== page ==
A Virginia jury on Wednesday (Jun 1) ruled that actor Amber Heard defamed ex-husband Johnny Depp in a widely watched six-week trial that featured graphic testimony detailing the former Hollywood couple’s soured relationship.
While the seven-person jury also ruled in favour of Heard on one count in her countersuit against Depp, the Pirates Of The Caribbean film star depicted the decision as a vindication, and his former wife said it was “a disappointment”.
Jurors awarded Depp US$15 million in damages (US$10 million in compensatory damages and US$5 million in punitive damages) from Heard. However, because the state law caps punitive damages at US$350,000, that means Depp was ultimately awarded US$10.35 million.
The panel ordered Depp to pay Heard US$2 million in damages.
Depp, 58, sued Heard for US$50 million and argued that she defamed him when she called herself “a public figure representing domestic abuse” in a newspaper opinion piece.
Heard, 36, countersued for US$100 million, saying Depp smeared her when his lawyer called her accusations a “hoax”.
Depp has denied hitting Heard or any woman and said she was the one who turned violent in their relationship.
“The jury gave me my life back. I am truly humbled,” Depp, who watched the verdict from Britain, said in a statement issued by a spokesperson.
“The best is yet to come and a new chapter has finally begun,” he added, ending with Latin phrase “Veritas numquam perit. Truth never perishes.”
Heard, seated in the courtroom between two of her lawyers, looked down as the verdicts were read.
“The disappointment I feel today is beyond words,” she said in a statement. “I’m heartbroken that the mountain of evidence still was not enough to stand up to the disproportionate power, influence and sway of my ex-husband.”
“I’m even more disappointed with what this verdict means for other women,” she added. “It is a setback.”
JURY HEARS ABOUT COUPLE’S CLASHES
Depp and Heard met in 2011 while filming The Rum Diary and wed in February 2015. Their divorce was finalised about two years later.
At the centre of the legal case is a December 2018 opinion piece by Heard in the Washington Post in which she made the statement about domestic abuse. The article did not mention Depp by name but his lawyer told jurors it was clear that Heard was referring to him.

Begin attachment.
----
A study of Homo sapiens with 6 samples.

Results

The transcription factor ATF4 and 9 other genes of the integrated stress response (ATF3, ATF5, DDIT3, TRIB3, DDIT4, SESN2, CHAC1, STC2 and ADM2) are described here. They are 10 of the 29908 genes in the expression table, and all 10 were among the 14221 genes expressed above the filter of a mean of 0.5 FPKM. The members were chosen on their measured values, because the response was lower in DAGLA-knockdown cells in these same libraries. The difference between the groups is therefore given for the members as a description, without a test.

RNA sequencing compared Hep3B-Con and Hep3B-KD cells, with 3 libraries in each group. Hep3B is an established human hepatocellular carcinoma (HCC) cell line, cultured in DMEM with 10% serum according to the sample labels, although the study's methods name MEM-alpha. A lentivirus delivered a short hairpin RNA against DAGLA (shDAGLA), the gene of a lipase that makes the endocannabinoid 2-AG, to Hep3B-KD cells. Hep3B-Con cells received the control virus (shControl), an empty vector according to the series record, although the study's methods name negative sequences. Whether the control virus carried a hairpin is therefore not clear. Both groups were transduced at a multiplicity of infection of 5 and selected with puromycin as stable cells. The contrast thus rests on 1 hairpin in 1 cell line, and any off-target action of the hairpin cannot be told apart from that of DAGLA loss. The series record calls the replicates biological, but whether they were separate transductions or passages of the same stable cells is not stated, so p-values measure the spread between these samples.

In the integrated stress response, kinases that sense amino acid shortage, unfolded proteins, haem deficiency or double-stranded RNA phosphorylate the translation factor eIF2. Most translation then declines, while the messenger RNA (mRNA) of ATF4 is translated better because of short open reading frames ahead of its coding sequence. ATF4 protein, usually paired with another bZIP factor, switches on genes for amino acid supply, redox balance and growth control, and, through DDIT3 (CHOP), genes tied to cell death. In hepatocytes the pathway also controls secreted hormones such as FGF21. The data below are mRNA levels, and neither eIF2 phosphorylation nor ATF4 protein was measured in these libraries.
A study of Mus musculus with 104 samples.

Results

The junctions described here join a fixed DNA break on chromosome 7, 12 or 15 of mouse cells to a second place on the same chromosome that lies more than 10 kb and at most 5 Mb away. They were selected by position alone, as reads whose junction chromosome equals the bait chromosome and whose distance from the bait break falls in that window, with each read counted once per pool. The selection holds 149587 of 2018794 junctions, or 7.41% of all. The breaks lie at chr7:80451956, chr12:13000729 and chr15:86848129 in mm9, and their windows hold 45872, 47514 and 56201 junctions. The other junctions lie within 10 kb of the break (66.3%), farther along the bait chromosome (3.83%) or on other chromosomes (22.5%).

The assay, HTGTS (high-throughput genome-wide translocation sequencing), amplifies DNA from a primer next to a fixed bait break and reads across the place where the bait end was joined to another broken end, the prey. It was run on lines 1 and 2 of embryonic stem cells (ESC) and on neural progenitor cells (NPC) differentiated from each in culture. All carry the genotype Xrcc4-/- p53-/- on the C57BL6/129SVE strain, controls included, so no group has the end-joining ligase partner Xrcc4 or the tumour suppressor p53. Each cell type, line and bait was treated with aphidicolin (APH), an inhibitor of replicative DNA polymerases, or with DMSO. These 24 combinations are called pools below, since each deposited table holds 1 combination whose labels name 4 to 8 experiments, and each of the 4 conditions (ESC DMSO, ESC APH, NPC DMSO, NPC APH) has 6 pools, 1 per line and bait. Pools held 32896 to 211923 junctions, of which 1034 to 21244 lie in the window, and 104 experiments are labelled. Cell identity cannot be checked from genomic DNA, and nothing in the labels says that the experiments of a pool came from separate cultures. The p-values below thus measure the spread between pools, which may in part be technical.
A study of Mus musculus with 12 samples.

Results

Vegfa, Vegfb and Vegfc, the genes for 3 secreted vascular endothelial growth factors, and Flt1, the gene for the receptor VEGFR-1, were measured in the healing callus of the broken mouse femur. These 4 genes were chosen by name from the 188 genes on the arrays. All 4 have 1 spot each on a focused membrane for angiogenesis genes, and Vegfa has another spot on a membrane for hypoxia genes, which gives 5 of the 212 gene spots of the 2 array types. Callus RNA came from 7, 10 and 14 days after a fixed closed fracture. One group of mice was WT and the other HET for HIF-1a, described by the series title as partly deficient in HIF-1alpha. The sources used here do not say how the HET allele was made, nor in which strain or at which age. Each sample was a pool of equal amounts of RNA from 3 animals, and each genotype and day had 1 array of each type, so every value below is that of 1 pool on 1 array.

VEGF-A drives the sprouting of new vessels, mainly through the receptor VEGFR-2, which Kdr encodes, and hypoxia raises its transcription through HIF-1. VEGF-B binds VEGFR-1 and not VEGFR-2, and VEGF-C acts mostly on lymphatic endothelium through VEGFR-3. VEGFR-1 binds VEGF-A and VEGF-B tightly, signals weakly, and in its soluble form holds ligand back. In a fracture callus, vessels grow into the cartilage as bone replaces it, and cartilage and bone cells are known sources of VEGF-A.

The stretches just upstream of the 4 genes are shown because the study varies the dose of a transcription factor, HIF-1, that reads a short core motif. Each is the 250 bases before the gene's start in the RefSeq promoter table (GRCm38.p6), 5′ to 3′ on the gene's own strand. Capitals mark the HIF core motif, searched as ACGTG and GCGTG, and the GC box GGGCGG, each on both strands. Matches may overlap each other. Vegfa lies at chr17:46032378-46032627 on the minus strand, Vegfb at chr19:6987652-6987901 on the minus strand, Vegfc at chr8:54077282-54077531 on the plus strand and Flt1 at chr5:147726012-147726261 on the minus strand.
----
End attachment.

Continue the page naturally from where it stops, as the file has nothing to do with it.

The jury ruled Depp was defamed by a passage in the article and by the headline, which read: “I spoke up against sexual violence – and faced our culture’s wrath. That has to change.”
Jurors rejected two of Heard’s three counterclaims. They concluded she was defamed when an attorney for Depp told a media outlet that Heard attempted to stage property damage to show police after an alleged fight.
“Amber and her friends spilled a little wine and roughed the place up, got their stories straight under the direction of a lawyer and publicist,” the statement said in part.
During six weeks of testimony, Heard’s attorneys argued that she had told the truth and that her comments were covered as free speech under the US Constitution’s First Amendment.
Throughout the case, jurors listened to recordings of the couple’s fights and saw graphic photos of Depp’s bloody finger. He said the top of the finger was severed when Heard threw a vodka bottle at him in 2015.
Heard denied injuring Depp’s finger and said Depp sexually assaulted her that night with a liquor bottle. She said she struck him only to defend herself or her sister.
Testimony was livestreamed widely on social media, drawing large audiences to hear details about the couple’s troubled relationship.
Once among Hollywood’s biggest stars, Depp said Heard’s allegations cost him “everything”. A new Pirates movie was put on hold and Depp was replaced in the Fantastic Beasts film franchise, a Harry Potter spinoff.
Depp lost a libel case less than two years ago against the Sun, a British tabloid that labelled him a “wife beater”. A London High Court judge ruled that he had repeatedly assaulted Heard.
Depp’s lawyers filed the US case in Fairfax County, Virginia, because the Washington Post is printed there. The newspaper was not a defendant.